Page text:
Right care, right place - transforming hospital discharge across North West London

Right care, right place - transforming hospital discharge across North West London
posted 22 May 2017 in category MCA Awards Co-design London Implementation

How can we improve hospital discharge processes to deliver better and more effective patient care? Over the past years, PPL has worked in close partnership with the West London Alliance (WLA) to address this challenge. Our hospital discharge integration efforts are changing lives across North West London and the work has gained recognition as one of the most effective change programmes across health and care in the UK.

We are proud winners of the Patient Experience Network Awards in the Inclusion of Social Care category and of the Institute for Continuous Improvement in Public Services Awards (Overall Winner). Additionally, the programme is also selected as a finalist at the 2017 MCA awards and MJ awards, and will be presented at two upcoming international conferences, including the 17th International Conference on Integrated Care.

This is what the PEN and ICiPS judging panels have said:

This is an incredible submission - both in the way it has been presented but also in the achievement. A tough challenge on so many fronts but it appears this Alliance has managed to overcome the many obstacles with impressive results that will make a significant difference in the outcome for people like Charlie.’ (PEN)

‘The award was made as we felt the project was a patient driven initiative that demonstrated collaboration and innovation and delivered quantifiable benefits for all involved.’ (ICiPS)

Joe Nguyen, PPL’s Associate Director, has been managing the programme with the West London Alliance for the past two years and he says: ‘Obtaining this recognition is a really important milestone for the programme. We are proud about the difference this makes to health and care in North West London, and to the many people who have already benefited directly from the changed ways of working. This is truly an achievement for integrated care and our results to date are down to focused efforts and joined up working by the WLA team, managers and front line staff alike, from health, social care and commissioning organisations.’

The hospital discharge programme started with the design of an integrated hospital discharge model in the local authorities of Westminster, Kensington & Chelsea and Hammersmith & Fulham, as well as across Chelsea and Westminster Hospital and Imperial College Healthcare NHS Foundation Trusts. At this stage, these organisations agreed on a shared approach to hospital assessments. As a result, a single integrated cross-borough hospital discharge team started completing all discharges for these boroughs’ residents across North West London.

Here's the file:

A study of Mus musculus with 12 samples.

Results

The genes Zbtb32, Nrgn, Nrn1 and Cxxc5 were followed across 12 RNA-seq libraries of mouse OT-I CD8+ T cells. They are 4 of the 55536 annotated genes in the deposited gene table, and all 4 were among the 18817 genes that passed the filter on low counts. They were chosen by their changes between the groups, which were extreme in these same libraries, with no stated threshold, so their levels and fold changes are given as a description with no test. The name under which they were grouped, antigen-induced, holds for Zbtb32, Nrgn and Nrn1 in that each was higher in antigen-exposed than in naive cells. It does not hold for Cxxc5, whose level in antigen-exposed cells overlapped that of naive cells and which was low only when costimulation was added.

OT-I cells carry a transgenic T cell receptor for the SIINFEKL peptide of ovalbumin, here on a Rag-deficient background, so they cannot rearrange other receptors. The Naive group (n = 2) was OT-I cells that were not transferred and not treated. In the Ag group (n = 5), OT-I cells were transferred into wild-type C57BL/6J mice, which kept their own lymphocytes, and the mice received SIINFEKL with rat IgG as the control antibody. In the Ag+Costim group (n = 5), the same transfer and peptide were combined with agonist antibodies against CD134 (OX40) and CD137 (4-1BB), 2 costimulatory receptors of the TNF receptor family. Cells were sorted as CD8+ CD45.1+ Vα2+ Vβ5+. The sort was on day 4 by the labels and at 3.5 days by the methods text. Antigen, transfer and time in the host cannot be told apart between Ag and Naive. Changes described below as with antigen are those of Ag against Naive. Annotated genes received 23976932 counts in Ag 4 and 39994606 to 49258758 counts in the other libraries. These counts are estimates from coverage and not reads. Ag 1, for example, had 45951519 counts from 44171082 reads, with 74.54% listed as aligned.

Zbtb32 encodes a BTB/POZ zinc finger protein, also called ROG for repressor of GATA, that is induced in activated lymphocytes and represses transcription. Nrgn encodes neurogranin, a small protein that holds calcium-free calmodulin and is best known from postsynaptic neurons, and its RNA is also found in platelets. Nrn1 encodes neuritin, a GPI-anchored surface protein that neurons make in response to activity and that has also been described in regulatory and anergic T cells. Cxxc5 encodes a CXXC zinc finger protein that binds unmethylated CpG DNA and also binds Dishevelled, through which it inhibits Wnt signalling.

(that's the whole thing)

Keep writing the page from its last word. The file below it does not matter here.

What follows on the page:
In a second stage, the programme expanded to the neighbouring local authorities of Hillingdon, Harrow, Hounslow, Brent and Ealing. It also included London North West Healthcare and the Hillingdon hospitals, for a total of:

·         8 local authorities;

·         8 CCGs;

·         4 hospital trusts and 8 hospital sites; and

·         3 community providers.

PPL involved stakeholders from all these organisations, across professions and seniority levels, in the co-design and co-production stages of the model of care. The involvement of staff through all stages of the programme means that the model of care, the implementation and the outcomes reflect the needs and wishes of each locality. This work focused on co-locating health and social care teams, designing shared assessment forms and policy principles, and drafting joint working agreements to support the IT integration.

PPL’s approach has also taken into account the impact of the changes on staff. This is why we designed a bespoke learning intervention, to support the discharge teams in the new ways of working. Over 100 hospital discharge staff attended our training programme in Autumn 2016 and more will benefit from it during 2017.

The programme is still ongoing and expanding: the organisations involved have agreed to sign new information sharing agreements to support effective and prompt communications. There now is a shared operational approach to hospital discharge in North West London.

Importantly, the positive impact of the new model of care has been recognised by the staff involved, as well as the judging panels quoted above. A Medical Consultant at St Mary’s Hospital said about the programme: ‘This is one of the few projects that I have witnessed in a long time that has actually improved patient and carer experience, promoted true multi-disciplinary working and has reduced length of stay in the hospital – we need to roll this out across every single ward.’